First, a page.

POLICE RENEW EFFORTS
TO SOLVE SITKA SLAYING
By SHANNON HAUGLAND
Sentinel Staff Writer
The Daily Sentinel, Sitka, Alaska
Tuesday, August 8, 2000
Sitka police posted "wanted" notices all over town this week, seeking information related to the 1996 murder of 17-year-old Jessica Baggen.
The police department also has brought in two out-of-state detectives to re-investigate the crime.
The notices posted on telephone poles and in the harbors have pictures of two personal possessions of the slain girl that were missing when her body was found: a 5-by-7-inch green cloth purse and a teak pipe decorated with inlaid brass or copper stars.
"These are items we think her assailant took from her," Police Chief Bill McLendon said Monday. "Because they were taken, we think it's likely the assailant kept them."
Police are hoping someone will remember seeing the items and be able to provide direction for the renewed investigation into the Sitka teen-ager's rape and murder in May 1996.
"We think either of these would be a crucial piece of information to assist us," McLendon said.
A Sitka man, Richard Bingham, was tried for the assault and murder in 1997, but was acquitted after a jury trial. The main evidence against Bingham was a rambling statement to police that the prosecutors said amounted to a confession. The DNA evidence from the crime scene "was inconclusive," police said at the time. Bingham said he was drunk the night Baggen was killed, and the jury agreed with the defense that his allegedly self-incriminating statements were the result of suggestions by the police in the course of their interviews with him.
McLendon, a Texas lawman who was hired as Sitka police chief in 1999, reviewed the old files and decided a renewed investigation was warranted to identify Baggen's killer. The new effort has included hiring two nationally known private investigators from California and New York, who McLendon said are "starting from square one" on the investigation.
The detectives, forensic scientist Brent Turvey of California and retired New York Police Department investigator John Baeza, have been working with Sitka police to re-examine all the evidence, review the list of possible suspects, and follow up with forensic techniques that were not previously tried or that had not been developed at the time of the first investigation.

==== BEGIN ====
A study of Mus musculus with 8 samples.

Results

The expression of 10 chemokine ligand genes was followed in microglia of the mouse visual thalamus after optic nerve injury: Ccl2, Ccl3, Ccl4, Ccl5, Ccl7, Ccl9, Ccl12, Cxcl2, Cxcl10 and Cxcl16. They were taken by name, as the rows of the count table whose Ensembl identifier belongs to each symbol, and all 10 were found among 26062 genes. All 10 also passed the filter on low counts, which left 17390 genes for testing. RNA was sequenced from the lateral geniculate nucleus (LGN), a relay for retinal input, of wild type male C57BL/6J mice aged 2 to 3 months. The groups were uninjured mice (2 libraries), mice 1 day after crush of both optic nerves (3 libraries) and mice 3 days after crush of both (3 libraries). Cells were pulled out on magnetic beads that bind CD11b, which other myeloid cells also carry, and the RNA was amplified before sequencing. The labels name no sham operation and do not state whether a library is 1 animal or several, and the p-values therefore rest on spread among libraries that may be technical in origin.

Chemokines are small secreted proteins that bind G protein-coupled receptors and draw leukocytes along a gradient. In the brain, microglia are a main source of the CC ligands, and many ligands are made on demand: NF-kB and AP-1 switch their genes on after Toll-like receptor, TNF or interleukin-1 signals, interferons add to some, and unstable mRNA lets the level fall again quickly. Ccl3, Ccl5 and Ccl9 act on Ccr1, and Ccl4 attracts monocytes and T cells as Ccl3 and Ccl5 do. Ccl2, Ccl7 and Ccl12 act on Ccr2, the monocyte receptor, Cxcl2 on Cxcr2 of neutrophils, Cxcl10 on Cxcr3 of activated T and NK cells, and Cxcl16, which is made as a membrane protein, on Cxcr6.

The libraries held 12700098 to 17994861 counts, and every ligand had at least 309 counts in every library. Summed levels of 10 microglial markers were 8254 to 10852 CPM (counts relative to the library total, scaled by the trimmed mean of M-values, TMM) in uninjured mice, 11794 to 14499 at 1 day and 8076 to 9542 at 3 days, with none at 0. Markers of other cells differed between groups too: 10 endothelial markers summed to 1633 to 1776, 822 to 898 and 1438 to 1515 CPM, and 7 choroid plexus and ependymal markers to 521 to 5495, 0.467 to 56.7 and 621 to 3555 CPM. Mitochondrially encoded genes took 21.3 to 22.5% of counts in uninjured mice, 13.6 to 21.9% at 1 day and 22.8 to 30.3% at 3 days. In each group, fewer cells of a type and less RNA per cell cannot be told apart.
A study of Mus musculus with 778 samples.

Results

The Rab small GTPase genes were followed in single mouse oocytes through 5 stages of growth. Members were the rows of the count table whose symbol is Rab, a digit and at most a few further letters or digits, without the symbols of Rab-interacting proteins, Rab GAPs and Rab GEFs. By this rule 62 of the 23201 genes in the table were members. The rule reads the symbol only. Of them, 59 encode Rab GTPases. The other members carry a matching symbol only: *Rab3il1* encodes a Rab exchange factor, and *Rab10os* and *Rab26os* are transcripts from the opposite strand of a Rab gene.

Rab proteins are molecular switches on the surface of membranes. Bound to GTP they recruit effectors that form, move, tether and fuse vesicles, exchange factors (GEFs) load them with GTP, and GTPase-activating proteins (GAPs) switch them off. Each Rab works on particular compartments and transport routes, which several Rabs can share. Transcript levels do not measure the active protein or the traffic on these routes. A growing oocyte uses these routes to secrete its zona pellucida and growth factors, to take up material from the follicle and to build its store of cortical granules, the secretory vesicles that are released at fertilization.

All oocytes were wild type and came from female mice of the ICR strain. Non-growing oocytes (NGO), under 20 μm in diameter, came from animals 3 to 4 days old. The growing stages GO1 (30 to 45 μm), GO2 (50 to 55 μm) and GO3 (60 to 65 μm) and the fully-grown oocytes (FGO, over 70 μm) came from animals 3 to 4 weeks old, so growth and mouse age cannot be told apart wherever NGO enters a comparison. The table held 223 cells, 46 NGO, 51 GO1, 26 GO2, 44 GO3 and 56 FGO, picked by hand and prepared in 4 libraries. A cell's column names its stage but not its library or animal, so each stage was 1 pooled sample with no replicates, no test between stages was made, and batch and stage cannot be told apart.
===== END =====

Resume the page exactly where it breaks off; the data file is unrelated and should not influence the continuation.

Among the new technologies, McLendon mentioned a recently proven process that can lift latent fingerprints off clothing. McLendon said results of tests on Baggen's clothing are still pending.
The police chief said that in the past several months investigators have analyzed blood and hair on Baggen's clothing and from the place where her body was found. From that analysis, they determined hair and blood were present from one person other than Baggen.
The detectives have also been going over a list of "several hundred" possible suspects, who are being asked to submit DNA samples.
"We've been getting a substantial-amount of return on that," the chief reported. "We've been able to exclude a large number of people from the suspect list."
So far, he said, those who have been approached have been cooperative about providing samples. As for Bingham, "He has been forensically excluded," the chief said.
McLendon said the hired investigators have an outstanding record solving criminal cases all over the country.
"They're excellent," he said. "I'd be wrong in saying 'We're going to solve this case,' but I have high hopes. We're going to solve this thing, or at least make sure we're going to do everything we now know can be done forensically. They're extremely optimistic, as am I."
The police chief said the money for the special investigation is coming from outside the regular department budget, but did not disclose the source.
"It will have a zero impact on the police department budget," he said.
Baggen was found dead in a patch of woods near the Indian River footbridge on Sawmill Creek Road, following a two-day search. She disappeared while walking from a relative's home on Sawmill Creek Road to her house a mile away on Barlow Street.
Anyone with information about the' two items, or anything related to the; case, are asked to call the Sitka police department at 747-3245. Those wishing to remain anonymous may call the Sitka crime line at 747-8980.